Renewable energy is all the rage as we try to wean ourselves off fossil fuels. Venture capitalists are investing billions. The federal government is funding a huge range of projects, from solar to wind to biofuels, through the stimulus bill. And more than thirty states have approved laws requiring some percentage of electricity to come from renewable sources. One of the states leading the effort, California, set a target of twenty percent renewable electricity by 2010. That includes energy from solar, wind, geothermal, and biomass projects, though not large-scale hydro power like dams. But for all its green ambitions, the state is finding out that it’s easier to set green energy goals than to meet them. As of the end of 2009, California’s three investor-owned utilities, Pacific Gas and Electric, Southern California Edison, San Diego Gas & Electric, were only serving 15% renewable electricity. By the end of this year, for a variety of reasons — some financial, some political — the state will miss its goal.

Where did California go wrong? And as other states try to learn from its lessons, does the Golden State have any hope of reaching its next ambitious target – 33 percent renewable by 2020? Follow KQED’s environmental and science initiatives, QUEST and Climate Watch as we explore the obstacles to achieving California’s ambitious renewable energy goals. Over the next several months we will explore some of the challenges including: finding a home for big solar and wind farms, energy storage, California’s complex permitting process and where to build new transmission lines.

Can California get one-third of its electricity from renewable energy by 2020? Stay tuned to our series 33 x 20: California’s Clean Power Countdown.

We’re launching the series this week with a story from Lauren Sommer about how we got here and how far we have to go. But what are your questions about renewable energy? What would you like us to cover in the months ahead? Leave us a comment and let us know!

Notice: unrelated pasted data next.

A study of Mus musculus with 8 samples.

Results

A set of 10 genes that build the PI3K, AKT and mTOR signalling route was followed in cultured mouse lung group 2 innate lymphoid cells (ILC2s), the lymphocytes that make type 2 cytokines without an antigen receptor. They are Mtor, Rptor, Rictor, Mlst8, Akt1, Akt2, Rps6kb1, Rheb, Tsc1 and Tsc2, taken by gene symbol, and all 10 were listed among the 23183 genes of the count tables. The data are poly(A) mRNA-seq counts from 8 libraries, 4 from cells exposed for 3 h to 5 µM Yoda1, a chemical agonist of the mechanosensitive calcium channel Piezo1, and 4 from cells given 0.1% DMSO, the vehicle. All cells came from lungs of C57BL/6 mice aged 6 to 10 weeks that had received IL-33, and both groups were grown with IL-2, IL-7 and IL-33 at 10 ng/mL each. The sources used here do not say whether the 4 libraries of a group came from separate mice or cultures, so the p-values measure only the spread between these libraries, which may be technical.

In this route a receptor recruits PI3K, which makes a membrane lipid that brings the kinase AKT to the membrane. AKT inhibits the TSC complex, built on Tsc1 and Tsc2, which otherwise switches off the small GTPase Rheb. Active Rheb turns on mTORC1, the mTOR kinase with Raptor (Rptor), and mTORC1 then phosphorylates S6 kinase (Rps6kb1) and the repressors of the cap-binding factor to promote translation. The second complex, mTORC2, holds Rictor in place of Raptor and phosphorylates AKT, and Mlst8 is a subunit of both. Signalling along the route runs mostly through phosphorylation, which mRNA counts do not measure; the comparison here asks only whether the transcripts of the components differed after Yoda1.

It is amazing to look back at your blog post years later. Today it is 2015. While California IOU’s are slowly trudging along, making progress, toward the 33% goal, Community Choice (or CCAs) have raised the bar, with a renewable turbo boost. CCAs, powered by sustainable-minded companies like California Clean Power ( ) are a way for communities to reach the state goal far in advance. They are getting there. And now Gov. Brown has set a new goal 50% by 2030. I hope we can make it.


Andrea Kissack

Andrea Kissack (@andreakissack) is KQED's Senior Science Editor. Andrea was born in Los Angeles and discovered radio news through listening to her college radio station. With a curious mind and a love for telling stories, she set off for Tampa where she landed her first job as a reporter for Florida Public Radio. After three years reporting in an unbearably humid climate and a brief stint as a miscast opera reporter, Andrea returned to L.A. to work for public radio, then for television news and finally as a reporter for CBS radio. Andrea has been at KQED for over twelve years, working first as a producer for Forum, and then as the senior producer for The California Report. She is now KQED's Senior Science and Environment Editor and narrates the QUEST television program. Andrea says she feels lucky to cover emerging science and environmental trends in a place where geek is chic.